VICTORIA—Clean Energy Canada executive director Merran Smith made the following statement in response to the International Energy Agency’s new report, Net Zero by 2050:
“The International Energy Agency’s landmark report is clear: for the world to reach net zero by 2050, global oil demand must have already peaked and gas demand will peak before 2030. In other words, growing Canada’s oil and gas sector is inconsistent with a net-zero 2050.
“Canada must prepare for a future where oil is no longer our largest export.
“The good news is that we have what it takes to prosper in a net-zero world. As the IEA notes, we already have all the technologies needed to reach our 2030 climate goals. And with a clean electricity grid, access to U.S., EU, and Asian markets, mature industries, and a skilled workforce, Canada is well-positioned to be a leading exporter of sustainable goods.
“Canada must plan for and invest in industries that will be growing in the coming decades, such as battery manufacturing, zero-emission vehicles, and hydrogen. That said, other parts of our economy also benefit from the transition: in the IEA’s scenario, demand for critical minerals such as copper, cobalt, and manganese—all of which Canada has in abundance—grow seven-fold by 2030 in order to supply the production of clean technologies. The world will be adding the equivalent of almost 20 battery gigafactories a year for the next 10 years to meet the world’s EV needs alone, the scenario concludes.
“In the IEA’s own words, ‘by 2050, the energy world looks completely different.’ Canada has what this different world needs—we need only choose to deliver our best and cleanest solutions.”
A number of countries, including Canada, have announced forthcoming legal commitments to reach net-zero emissions by 2050—something that is necessary if the world is going to limit global temperature rise to 1.5C.
The report is described as “the world’s first comprehensive study of how to transition to a net zero energy system by 2050 while ensuring stable and affordable energy supplies, providing universal energy access, and enabling robust economic growth.” Below are some of its key findings:
Under a net zero 2050 scenario, the report indicates the following would occur:
- No new oil and gas exploration and development after 2021.
- Global oil demand never returns to its 2019 peak, and will decline 75% from the 90 million barrels a day at present to about 24 million barrels a day by 2050.
- Fossil fuels fall from around 80% of total energy supply to around 20% by 2050. Remaining fossil fuels will be used in plastics, captured and stored, or in sectors with few clean options.
- Natural gas demand declines 55% and coal demand declines 90%.
- Liquified natural gas trade increases from 420 billion cubic metres in 2020 over the next five years but then falls to around 160 billion cubic metres in 2050 (North America accounts for a tiny share post-2040). Many of the LNG liquefaction facilities currently under construction or at the planning stage will not be needed.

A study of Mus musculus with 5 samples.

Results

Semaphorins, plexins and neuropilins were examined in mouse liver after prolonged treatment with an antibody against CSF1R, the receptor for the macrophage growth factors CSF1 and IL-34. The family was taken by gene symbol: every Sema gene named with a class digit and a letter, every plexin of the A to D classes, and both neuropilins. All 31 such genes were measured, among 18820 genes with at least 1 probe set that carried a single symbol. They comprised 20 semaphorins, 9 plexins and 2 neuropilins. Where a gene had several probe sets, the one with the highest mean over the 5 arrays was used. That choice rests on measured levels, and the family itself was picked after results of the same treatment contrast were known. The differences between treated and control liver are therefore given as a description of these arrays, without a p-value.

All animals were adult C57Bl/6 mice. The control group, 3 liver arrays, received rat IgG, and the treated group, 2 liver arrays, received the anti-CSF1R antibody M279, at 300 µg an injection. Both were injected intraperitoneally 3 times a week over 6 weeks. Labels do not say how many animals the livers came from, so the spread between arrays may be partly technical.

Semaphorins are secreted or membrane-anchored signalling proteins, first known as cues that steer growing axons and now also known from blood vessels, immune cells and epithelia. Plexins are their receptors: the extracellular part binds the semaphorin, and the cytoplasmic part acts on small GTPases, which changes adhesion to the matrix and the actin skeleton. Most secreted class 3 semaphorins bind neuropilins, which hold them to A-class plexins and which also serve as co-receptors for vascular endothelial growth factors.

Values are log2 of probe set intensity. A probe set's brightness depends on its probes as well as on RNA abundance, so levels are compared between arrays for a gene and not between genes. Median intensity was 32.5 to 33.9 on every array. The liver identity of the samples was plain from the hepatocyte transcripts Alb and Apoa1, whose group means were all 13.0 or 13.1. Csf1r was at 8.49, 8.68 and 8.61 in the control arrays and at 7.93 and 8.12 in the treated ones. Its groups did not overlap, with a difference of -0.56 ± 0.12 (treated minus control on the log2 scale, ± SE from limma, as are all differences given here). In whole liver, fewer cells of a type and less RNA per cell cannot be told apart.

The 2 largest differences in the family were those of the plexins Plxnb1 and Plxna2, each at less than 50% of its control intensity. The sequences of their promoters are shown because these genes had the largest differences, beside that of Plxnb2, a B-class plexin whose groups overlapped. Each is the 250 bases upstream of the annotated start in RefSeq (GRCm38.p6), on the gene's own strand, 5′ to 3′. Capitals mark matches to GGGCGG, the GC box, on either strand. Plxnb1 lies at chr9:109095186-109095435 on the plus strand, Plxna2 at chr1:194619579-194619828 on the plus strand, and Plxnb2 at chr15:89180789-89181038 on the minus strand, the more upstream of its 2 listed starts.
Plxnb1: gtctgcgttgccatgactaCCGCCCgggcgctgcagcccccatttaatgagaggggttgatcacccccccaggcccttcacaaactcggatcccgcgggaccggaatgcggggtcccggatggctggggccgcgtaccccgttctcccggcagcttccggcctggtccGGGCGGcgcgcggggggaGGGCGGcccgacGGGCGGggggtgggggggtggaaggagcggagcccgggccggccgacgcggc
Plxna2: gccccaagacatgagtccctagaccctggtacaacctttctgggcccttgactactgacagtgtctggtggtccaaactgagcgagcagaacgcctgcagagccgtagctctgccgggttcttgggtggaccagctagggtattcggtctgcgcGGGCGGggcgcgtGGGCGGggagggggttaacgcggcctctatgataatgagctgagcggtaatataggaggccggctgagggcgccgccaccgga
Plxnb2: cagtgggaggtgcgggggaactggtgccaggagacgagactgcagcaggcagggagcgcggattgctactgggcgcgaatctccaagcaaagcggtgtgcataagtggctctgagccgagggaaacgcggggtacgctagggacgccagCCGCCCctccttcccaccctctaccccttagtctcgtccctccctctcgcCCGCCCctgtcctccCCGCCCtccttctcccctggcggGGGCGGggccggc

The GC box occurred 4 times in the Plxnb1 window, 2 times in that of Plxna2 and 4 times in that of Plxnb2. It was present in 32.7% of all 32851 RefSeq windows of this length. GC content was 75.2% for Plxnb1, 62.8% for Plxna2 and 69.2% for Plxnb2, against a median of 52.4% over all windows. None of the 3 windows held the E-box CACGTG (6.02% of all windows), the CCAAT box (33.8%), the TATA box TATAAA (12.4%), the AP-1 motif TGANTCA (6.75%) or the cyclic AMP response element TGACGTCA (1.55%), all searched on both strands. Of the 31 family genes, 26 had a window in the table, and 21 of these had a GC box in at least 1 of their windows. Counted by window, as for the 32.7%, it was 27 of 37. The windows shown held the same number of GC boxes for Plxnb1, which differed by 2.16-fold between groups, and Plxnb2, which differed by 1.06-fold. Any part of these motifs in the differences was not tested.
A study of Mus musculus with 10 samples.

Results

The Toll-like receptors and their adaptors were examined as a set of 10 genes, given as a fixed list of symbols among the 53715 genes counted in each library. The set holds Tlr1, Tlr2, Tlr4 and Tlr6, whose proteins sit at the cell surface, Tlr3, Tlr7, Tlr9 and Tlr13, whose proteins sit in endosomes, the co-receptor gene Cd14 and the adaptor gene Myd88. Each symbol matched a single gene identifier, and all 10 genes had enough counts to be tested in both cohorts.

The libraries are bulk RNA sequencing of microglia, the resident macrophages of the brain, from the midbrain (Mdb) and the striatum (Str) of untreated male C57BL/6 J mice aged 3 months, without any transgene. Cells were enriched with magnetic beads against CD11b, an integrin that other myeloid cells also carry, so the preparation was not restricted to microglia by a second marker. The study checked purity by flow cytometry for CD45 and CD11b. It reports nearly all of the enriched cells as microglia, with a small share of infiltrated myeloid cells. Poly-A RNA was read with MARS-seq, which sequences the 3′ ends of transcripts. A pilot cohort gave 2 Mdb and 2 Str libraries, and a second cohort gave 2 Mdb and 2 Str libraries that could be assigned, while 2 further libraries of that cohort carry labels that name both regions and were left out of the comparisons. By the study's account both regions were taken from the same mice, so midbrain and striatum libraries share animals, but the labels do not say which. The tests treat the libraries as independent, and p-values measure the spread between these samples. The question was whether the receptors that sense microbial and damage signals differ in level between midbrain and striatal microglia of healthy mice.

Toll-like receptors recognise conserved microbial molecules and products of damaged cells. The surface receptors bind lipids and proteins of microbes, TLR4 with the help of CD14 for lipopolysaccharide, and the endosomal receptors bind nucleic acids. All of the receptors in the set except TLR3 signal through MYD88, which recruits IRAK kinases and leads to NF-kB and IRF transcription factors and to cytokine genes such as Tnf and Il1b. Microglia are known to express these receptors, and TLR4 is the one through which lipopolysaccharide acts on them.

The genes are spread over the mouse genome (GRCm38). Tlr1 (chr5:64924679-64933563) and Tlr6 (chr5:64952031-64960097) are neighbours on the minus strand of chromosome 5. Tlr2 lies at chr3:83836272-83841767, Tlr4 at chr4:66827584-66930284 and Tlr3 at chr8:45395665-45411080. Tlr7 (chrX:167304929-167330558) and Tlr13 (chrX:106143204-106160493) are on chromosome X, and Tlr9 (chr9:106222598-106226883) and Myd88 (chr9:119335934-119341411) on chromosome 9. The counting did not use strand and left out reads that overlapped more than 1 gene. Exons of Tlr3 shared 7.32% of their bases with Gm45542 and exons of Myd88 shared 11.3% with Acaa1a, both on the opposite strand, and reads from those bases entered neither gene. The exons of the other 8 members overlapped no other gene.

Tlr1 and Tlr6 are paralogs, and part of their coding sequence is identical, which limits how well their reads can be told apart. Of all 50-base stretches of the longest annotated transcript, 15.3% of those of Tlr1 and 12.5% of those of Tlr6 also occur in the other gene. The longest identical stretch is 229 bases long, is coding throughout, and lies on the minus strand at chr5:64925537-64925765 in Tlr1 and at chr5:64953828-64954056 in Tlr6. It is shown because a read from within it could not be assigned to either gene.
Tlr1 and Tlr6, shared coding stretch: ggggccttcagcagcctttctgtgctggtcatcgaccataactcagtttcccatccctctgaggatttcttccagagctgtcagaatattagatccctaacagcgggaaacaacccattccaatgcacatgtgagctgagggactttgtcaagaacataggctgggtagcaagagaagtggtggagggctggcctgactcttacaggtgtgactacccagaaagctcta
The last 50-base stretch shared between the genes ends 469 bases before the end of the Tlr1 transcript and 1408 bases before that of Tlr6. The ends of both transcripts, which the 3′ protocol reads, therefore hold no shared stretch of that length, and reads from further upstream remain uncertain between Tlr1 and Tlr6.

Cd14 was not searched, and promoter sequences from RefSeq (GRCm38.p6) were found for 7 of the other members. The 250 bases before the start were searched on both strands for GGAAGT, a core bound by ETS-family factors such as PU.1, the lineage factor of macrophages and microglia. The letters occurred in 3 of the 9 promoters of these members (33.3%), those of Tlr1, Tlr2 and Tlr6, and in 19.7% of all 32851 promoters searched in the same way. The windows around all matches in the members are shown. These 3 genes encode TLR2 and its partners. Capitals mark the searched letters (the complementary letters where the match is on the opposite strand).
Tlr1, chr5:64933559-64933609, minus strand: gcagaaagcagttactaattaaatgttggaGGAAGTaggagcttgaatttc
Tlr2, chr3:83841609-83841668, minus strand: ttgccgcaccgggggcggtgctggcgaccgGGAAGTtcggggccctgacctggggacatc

RENEWABLES AND CLEAN TECHNOLOGY
- In this scenario, clean energy investments would create 30 million new jobs by 2030, offsetting the five million jobs that would be lost in fossil fuels.
- Renewables will need to scale up massively to replace fossil fuels, supplying two-thirds of total energy needs, and nearly 90% of electricity generation in 2050
- All the technologies needed to meet 2030 milestones already exist, including wind and solar, energy efficiency, and electrification.
- 2050 requires a ramp up in electrification, carbon capture utilization and storage, and hydrogen. It also depends on technologies currently under development, such as advanced batteries, hydrogen electrolysers, and direct air capture and storage.
- The scenario imagines that “each month from 2030, the world equips 10 new and existing heavy industry plants with carbon capture utilization and storage, adds three new hydrogen-based industrial plants and adds 2 gigawatts of electrolyser capacity at industrial sites.”
- Under the 2050 scenario, no new gas-powered light-duty vehicles (like passenger cars and SUVs) are sold after 2035.
- In 2030, 60% of light-duty vehicle sales are electric (up from 5% today), and 100% are by 2035.
- Battery electric vehicles dominate, with small shares of plug-in hybrid electric vehicles and fuel-cell electric vehicles.
- EVs account for 75% of light-duty vehicle sales in richer countries in 2030, and 50% of sales in developing and emerging countries.
- In 2035, 50% of heavy-duty truck sales are electric.